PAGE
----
Many members have been asking for advice on the best way to store their CSA produce, we did a post on storing salad/greens; here are some additional ideas and thoughts for the summer produce.
There may be environmental and/or health considerations that some of you may have with using certain materials to store your produce. I personally don’t like the practice of using plastic “zip” type bags because in my opinion it does have an environmental impact and has not proven to be the best option for maintaining freshness. I find that lettuce, for instance, gets brown quickly if you tear or cut it up and throw it in a re-sealable plastic bag. However, everything you see online about storing leafy greens says they should be stored in an airtight bag or container. I keep my greens wrapped in thin towels and my lettuce sometimes lasts up to two weeks!
Having said that, much of what you read below might conflict with searches you do online. In the end, produce storage has many variables in addition to the different containers and methods available today – refrigerator temp, humidity, to name a few. You might just have to experiment a little bit to find out what works the best for your household.
Here are my favorite storage containers/methods.
BPA Free Cereal Containers: I keep root vegetables in these (carrots, beet roots, kohlrabi – they keep for weeks, even months!
Using Sistema Cereal Canisters to Store Beets
Flour Sack (Tea) Towels: These are the old fashioned towels used back in the day for everything from drying dishes to straining jelly. I got my last bunch from Cost Plus World Market.
Flour Sack Towels from Cost Plus World Market, Wow, check out that Fennel!
Avocados: You can ripen a firm avocado in a paper bag or on the counter at room temperature in a few days. As the fruit ripens, the skin will turn darker. Once ripe, they can be kept refrigerated for up to a week. Partially consumer avocados are best kept in the refrigerator in an airtight container with the pit in tact. I put the scooped out “shell” on top of the uneaten portion to help reduce the browning, or you can squeeze fresh lemon or lime juice on the exposed flesh.
Beans (Blue Lake/Yellow Wax): Store for 2-3 days max in the plastic bag they arrive in. Don’t wash them until you are ready to prepare.
Beets: Remove greens (leave an inch on the root), wash and wrap in flour sack towels and store in the crisper. Beetroots will keep for a long time in an airtight container.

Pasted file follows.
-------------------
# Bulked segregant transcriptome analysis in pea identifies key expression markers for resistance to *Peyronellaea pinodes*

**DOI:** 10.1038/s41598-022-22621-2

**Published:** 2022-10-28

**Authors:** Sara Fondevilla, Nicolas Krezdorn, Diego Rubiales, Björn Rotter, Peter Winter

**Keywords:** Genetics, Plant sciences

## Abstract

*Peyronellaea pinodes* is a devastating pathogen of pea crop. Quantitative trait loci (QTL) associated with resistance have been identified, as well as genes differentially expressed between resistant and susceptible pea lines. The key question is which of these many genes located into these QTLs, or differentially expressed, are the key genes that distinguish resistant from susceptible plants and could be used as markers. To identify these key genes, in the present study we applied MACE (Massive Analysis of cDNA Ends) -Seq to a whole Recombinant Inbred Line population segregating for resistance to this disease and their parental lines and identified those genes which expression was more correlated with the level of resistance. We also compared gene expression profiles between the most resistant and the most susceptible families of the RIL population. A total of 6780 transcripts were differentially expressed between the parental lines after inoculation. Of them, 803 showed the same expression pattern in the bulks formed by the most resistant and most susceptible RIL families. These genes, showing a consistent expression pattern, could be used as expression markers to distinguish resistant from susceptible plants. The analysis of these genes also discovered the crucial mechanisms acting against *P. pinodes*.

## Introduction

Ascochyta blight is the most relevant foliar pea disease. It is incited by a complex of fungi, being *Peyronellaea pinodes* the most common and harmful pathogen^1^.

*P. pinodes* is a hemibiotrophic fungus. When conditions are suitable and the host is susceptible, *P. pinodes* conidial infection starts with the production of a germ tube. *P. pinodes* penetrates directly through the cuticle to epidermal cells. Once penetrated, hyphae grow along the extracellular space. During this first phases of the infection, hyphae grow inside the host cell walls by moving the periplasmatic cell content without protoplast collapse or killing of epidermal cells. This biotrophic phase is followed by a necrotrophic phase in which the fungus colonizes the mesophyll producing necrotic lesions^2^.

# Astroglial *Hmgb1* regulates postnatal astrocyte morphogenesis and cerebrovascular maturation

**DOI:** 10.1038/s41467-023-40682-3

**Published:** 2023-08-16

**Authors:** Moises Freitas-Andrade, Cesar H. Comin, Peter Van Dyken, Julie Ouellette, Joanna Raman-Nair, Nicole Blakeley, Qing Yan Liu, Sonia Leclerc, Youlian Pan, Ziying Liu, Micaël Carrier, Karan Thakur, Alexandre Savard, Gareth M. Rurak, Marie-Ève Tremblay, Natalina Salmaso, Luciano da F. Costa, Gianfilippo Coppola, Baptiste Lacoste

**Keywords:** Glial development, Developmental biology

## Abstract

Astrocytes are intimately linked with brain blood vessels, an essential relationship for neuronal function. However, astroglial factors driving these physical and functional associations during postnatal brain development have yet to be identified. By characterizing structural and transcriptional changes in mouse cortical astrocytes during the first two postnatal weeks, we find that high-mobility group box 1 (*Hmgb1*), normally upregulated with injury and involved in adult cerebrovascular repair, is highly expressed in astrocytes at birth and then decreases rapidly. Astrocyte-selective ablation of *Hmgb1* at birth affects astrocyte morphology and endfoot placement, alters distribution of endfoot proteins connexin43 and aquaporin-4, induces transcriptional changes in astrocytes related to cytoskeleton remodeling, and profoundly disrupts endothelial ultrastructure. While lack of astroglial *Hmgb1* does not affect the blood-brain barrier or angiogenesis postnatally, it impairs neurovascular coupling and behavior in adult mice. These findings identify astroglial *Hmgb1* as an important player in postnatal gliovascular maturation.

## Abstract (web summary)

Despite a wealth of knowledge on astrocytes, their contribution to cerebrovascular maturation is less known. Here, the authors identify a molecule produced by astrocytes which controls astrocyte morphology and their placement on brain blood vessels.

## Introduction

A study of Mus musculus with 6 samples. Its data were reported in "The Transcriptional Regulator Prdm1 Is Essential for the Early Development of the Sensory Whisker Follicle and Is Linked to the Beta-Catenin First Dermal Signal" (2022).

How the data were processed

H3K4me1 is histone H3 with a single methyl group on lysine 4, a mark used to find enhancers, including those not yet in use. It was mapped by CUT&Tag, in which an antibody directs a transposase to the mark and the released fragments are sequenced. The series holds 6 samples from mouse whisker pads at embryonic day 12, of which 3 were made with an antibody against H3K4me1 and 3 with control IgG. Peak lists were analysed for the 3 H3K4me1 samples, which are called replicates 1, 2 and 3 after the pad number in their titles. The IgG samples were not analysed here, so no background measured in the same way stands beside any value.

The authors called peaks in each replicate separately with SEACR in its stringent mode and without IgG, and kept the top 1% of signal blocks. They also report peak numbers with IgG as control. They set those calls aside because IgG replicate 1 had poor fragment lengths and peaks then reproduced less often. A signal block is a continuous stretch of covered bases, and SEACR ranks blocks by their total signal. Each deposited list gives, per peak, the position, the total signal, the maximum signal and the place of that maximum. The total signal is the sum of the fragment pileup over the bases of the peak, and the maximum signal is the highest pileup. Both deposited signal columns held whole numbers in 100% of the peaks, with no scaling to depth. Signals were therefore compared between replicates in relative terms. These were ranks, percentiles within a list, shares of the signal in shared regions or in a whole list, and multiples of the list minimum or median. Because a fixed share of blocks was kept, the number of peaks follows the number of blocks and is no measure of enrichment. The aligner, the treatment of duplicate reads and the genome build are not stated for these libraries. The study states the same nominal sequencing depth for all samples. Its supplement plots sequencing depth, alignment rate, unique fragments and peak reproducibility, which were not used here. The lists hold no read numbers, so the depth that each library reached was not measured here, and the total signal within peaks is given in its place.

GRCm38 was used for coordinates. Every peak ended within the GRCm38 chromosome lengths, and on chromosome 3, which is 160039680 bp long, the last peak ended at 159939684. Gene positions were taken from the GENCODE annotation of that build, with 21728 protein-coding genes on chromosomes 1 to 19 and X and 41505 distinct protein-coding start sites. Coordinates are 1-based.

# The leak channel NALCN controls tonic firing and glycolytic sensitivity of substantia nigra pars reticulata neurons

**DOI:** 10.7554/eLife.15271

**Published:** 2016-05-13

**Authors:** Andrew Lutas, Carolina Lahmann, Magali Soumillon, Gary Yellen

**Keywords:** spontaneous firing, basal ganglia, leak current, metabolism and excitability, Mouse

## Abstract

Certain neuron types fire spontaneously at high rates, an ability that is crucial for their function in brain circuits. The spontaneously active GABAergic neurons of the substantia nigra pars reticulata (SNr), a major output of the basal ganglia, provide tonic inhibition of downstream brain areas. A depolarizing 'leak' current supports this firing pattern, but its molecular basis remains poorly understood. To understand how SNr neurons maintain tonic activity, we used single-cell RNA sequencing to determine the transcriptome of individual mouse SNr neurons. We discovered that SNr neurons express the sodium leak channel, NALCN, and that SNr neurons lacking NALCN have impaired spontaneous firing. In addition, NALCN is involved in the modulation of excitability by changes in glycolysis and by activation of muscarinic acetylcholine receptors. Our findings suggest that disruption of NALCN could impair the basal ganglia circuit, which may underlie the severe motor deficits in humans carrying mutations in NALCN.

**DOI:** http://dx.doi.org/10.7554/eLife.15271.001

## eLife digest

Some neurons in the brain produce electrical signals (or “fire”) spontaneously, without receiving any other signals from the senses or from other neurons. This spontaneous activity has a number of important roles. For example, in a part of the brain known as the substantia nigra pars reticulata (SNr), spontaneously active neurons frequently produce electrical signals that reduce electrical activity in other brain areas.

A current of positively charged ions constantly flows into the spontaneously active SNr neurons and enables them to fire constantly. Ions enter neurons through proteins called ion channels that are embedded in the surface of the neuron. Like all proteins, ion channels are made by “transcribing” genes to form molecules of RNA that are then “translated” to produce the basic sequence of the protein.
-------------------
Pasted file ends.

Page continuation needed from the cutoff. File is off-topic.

Bell Peppers: You can toss your peppers in the crisper – they should last up to a week or longer. I like to cut them up and store them in a sealed glass container; they keep quite well that way and are ready for consumption.
Berries: Never wash berries until you are ready to eat them. If your house is like mine, most of the time they don’t make it to the refrigerator – but berries are fragile and moisture is the enemy. I usually put a paper towel or piece of a paper bag in the bottom of the container if I’m not planning on eating them immediately.
Carrots: Remove greens, wash and wrap in flour sack towel (if using), store carrots in airtight container.
Corn: Corn in the husk should be consumed right when you get it. If you are not going to do that, take off the husks and store in an airtight container in the refrigerator for the next day or vacuum seal it and freeze it for later.
Fennel: Store fennel in the refrigerator crisper, where it should keep fresh for 4-5 days. It might look OK much longer than that but as it ages, it tends to gradually lose its flavor.
Lettuce/Greens: Wash thoroughly in cold water. Set on dish drying pad to drain. Wrap in flour sack towel and store in the crisper. Should keep for 5-7 days. Check outer leaves and remove any wilted ones every other day.
Turnip greens draining on dish pad, Romaine Lettuce wrapped and ready for the crisper.
Summer Squash: Summer squash is very fragile as it has a thin skin and small punctures can lead to decay. It should be stored unwashed in an airtight container in the refrigerator, where it should keep for 7-8 days.